Jay Leno drives the bonkers Bisimoto Honda Civic wagon


The 1990 Honda Civic wagon wasn’t exactly a barnstormer of a car, but famed tuner Bisi Ezerioha thought it would make the perfect candidate for an eighth-mile drag race monster. In the latest episode of Jay Leno’s Garage, Bisi invites Jay to crawl all over the resulting car and eventually take the manic machine for a spin. Bisi is no stranger to the show, having recently brought a bat-outta-hell fast Porsche 930 911 over for Jay to drive.

In this build, power comes from a 2.4-liter K24 engine that mates a late-model Acura TSX bottom end to a 2014 Civic Si head. The integrated exhaust manifold on this head allowed Bisi to bolt on a cantaloupe-sized turbocharger. This build should handle four-figure power without much complaint—it’s running a paltry 772 horsepower to the wheels as of this video, and Bisi has plans for more. As Leno soon finds out, the net result of this turbo-build is akin to giving a nest of angry hornets a bunch of pre-workout powder and then kicking their queen.

It’s not all point and shoot from the hip—the car is actually running some pretty sophisticated software. An AEM engine management system can run any variation of gasoline or ethanol, adjusting the requisite variables within the engine to keep it running safely.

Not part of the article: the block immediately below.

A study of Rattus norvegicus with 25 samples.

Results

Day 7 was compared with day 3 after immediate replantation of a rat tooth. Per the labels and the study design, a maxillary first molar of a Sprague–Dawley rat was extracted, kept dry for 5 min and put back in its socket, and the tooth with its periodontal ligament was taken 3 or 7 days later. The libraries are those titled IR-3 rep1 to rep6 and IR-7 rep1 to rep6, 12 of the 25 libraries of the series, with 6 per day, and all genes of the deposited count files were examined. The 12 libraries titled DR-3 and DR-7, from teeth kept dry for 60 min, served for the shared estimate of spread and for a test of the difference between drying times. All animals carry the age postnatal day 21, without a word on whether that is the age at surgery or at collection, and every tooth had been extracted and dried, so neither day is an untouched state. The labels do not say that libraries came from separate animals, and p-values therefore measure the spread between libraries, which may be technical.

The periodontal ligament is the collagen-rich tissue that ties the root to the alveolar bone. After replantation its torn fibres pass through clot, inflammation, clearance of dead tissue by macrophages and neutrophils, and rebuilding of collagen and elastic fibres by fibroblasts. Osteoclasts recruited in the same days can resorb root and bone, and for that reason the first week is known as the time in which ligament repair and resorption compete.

The upgrades to the rest of the car are equally impressive. Where a sleepy automatic transmission powering the front wheels once resided, a five-speed sequential manual now shunts power to all four wheels, courtesy of some CRV running gear. Bisi and company decided to cage the car as well, which added much-needed chassis rigidity. All told, the build weighs around 2700 pounds.

By far the coolest features on this build, though, are the rear wheel covers, reminiscent of the famous Turbofans that once adorned Porsche race car wheels. As Bisi explains, Honda used a similar wheel cover during the ’80s in its British Touring Car efforts to enhance rear downforce by extracting air from the rear of the car via these fans. (Our inner Honda nerd is beaming.) On this wagon build, they’re meant to do the same thing.

We can’t get enough of builds like this. Sleeper wagons are great, but when you drill down into the nitty gritty, Bisi managed to create something sublime with largely Honda-based components. It’s cool to see an engineer—aftermarket or otherwise—reimagine an entirely different sum of mundane parts. It’s cooler still to see that most of the parts come from one family tree. Plus, we’re a sucker for turbofans, but you already knew that.